Wealthy in family

Just under a year ago my family said goodbye to my pa and in his memory I dedicated my April 2015 article to him. In that article I described him as a quiet and unassuming man of faith, and that he was. That being said, as he aged, this quiet nature played a dual role in my life. I was able to learn more about the man that he was in his early, working life, as he recounted memories of a time long past easier than he did facts of the current time.

However, this meant that our relationship in the present revolved more heavily on very basic and easy to grasp concepts. For example, while he knew that I was in school, we didn’t engage in lengthy conversations about what I was studying or what that would mean for my future.  Please do not get me wrong — I treasured every moment I was blessed with in pa’s presence, and for many reasons. I was able to witness the beautiful relationship between my father and my grandfather, see a patience emerge in what I have come to believe is one of the most difficult times in the parent/child relationship. 

So why am I telling you this? Because in many ways I wish I had gotten to know my pa the way my dad had had the opportunity to do as his son. I wish I had a more intimate peek into what I know was a life of hard work, strong family, and undying love between pa and my nana. My rationale extends far beyond me sharing with you what I wish I could have had, though, because I did receive a special gift in the midst of all of this. They say God works in mysterious ways, and I don’t know if it’s mysterious so much as it is well-planned. Since high school, I’ve had a close relationship with my dad’s cousins. This started when dad decided that with the elders of the family — his parents and his aunts and uncles- beginning to age, it was time to host family reunions. Before they were no longer with us to share their stories and leave their legacies, it was our responsibility to provide our family an opportunity to learn from them and to celebrate them. And so that we did. 

Early in high school, we started having the reunions at my house, and those gatherings were the foundation for so many of the bonds I have now with my “aunts” and “uncles” — dad’s cousins. With the mantra “respect your elders” in mind, something my brother and I had been taught from as far back as I can remember learning manners and the way of the world, I built not only relationships of respect with my extended family, but had fun and fulfilling conversations with them, laughed with them, and listened as they recounted memories from their childhood. Being in Virginia I miss those gatherings, but know that one day I’ll be back to share smiles again. In fact, being home over winter break provided me with an opportunity to spend time with the man behind this article’s theme and title — wealthy in family.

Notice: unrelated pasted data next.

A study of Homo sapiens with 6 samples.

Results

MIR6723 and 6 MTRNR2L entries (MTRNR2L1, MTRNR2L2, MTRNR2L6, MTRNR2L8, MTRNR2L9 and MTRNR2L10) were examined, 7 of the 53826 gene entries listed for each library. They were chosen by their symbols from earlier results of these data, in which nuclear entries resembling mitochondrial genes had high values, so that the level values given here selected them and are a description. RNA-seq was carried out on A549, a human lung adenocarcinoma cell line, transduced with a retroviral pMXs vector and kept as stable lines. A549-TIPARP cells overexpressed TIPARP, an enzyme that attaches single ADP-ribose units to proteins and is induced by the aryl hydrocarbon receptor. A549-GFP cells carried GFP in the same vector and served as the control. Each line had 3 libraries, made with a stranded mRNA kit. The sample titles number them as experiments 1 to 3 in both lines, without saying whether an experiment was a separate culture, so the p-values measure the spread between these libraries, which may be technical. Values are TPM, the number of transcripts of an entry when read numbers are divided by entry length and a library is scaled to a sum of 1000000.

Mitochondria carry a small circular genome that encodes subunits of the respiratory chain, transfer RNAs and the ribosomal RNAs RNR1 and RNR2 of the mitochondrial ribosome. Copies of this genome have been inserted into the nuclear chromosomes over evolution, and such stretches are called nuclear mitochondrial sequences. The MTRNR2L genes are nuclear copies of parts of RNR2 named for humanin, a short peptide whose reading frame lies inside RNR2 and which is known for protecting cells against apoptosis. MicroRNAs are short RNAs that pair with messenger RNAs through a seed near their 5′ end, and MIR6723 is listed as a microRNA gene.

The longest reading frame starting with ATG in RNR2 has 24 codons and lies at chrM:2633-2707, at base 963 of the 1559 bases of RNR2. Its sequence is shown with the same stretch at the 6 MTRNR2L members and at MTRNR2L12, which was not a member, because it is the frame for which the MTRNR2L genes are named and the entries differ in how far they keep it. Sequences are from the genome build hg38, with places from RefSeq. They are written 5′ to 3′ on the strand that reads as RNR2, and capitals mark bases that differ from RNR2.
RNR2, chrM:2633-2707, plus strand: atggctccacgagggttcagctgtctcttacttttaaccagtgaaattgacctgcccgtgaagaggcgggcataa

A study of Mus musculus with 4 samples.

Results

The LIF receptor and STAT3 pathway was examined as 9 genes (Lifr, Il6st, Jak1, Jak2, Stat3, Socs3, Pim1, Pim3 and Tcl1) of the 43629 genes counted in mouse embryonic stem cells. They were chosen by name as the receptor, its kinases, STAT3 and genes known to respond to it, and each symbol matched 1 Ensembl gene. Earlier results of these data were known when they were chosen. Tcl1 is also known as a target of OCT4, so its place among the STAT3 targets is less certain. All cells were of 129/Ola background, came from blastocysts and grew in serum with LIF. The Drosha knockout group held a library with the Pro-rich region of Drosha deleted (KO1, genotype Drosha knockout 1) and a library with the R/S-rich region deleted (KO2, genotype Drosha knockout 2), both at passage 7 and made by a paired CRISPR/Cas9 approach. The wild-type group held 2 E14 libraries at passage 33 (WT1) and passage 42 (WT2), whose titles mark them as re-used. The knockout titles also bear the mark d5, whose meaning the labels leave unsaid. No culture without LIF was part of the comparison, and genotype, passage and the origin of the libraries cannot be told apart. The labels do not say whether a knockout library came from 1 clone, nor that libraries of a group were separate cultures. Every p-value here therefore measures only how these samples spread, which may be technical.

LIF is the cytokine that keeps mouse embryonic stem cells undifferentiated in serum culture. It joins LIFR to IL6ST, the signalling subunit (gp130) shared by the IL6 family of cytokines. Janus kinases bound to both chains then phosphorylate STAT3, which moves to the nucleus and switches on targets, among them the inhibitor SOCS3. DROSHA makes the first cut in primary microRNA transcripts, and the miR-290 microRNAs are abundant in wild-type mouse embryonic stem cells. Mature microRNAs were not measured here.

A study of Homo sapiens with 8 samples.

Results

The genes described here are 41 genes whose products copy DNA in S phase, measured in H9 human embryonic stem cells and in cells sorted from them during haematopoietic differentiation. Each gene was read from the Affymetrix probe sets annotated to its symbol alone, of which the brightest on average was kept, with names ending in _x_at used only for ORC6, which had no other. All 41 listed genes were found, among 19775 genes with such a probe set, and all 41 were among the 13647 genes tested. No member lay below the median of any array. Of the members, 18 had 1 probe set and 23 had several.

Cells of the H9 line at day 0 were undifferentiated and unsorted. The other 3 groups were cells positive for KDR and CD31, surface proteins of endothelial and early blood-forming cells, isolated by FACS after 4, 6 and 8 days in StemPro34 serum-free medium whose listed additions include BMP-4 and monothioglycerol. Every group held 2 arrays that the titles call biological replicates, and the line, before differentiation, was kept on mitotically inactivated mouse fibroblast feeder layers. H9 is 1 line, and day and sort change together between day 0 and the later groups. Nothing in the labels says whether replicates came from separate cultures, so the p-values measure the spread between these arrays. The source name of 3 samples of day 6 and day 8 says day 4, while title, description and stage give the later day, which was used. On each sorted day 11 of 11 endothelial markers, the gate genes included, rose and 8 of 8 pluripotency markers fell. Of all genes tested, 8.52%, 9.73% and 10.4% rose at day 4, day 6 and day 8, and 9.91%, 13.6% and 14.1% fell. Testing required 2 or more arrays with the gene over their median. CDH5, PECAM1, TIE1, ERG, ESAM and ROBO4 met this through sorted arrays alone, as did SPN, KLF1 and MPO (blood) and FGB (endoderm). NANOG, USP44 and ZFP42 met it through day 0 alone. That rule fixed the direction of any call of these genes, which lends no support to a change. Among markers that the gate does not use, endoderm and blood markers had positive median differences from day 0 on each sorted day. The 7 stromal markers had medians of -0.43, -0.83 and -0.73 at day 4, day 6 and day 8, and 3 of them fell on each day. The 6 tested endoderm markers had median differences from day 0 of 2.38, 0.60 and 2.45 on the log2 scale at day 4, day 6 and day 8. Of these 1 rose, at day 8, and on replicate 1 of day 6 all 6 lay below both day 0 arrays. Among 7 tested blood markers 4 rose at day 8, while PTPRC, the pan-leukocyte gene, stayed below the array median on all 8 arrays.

My Uncle Pete is pa’s brother and the father of several of those aunts and uncles. Though older than pa, he had a sharp memory and easy nature, that made conversation engaging and easy. He read The Anchor religiously, and without fail, each time I saw him, he made sure to tell me that he’d read my latest article and that he approved. He had a smile that could brighten a room, and when he saw you coming towards him, it was as if you were the only person in the room and he’d been waiting to see you for ages. He was a special man, and I’ll miss him greatly; Uncle Pete joined pa in a world much greater than ours two weeks ago. But before he did so, we were able to share a visit in which he was as chatty as usual, sharing memories from his past, stories from long ago. What will stick with me forever, is when he recalled not having much when he was growing up, but being wealthy in family. And wealthy in family we are.

Only within the past week or so have I been able to realize the depth of the blessing of Uncle Pete in my life. With pa’s memory being so challenged as he aged, Uncle Pete remembered. He asked questions, he smiled, he hugged. And in so many ways, he saved me from the anger I felt so strongly at what was happening with my pa. Like I said, it’s taken me until now to fully examine the relationship we shared, and thus it prompts me to ask you to take some time to consider those relationships that you have in your life — for be it our family on earth or our family in Christ, we are indeed wealthy.

Anchor columnist Renee Bernier is a graduate student in the College Student Personnel Program at James Madison University in Harrison, Va.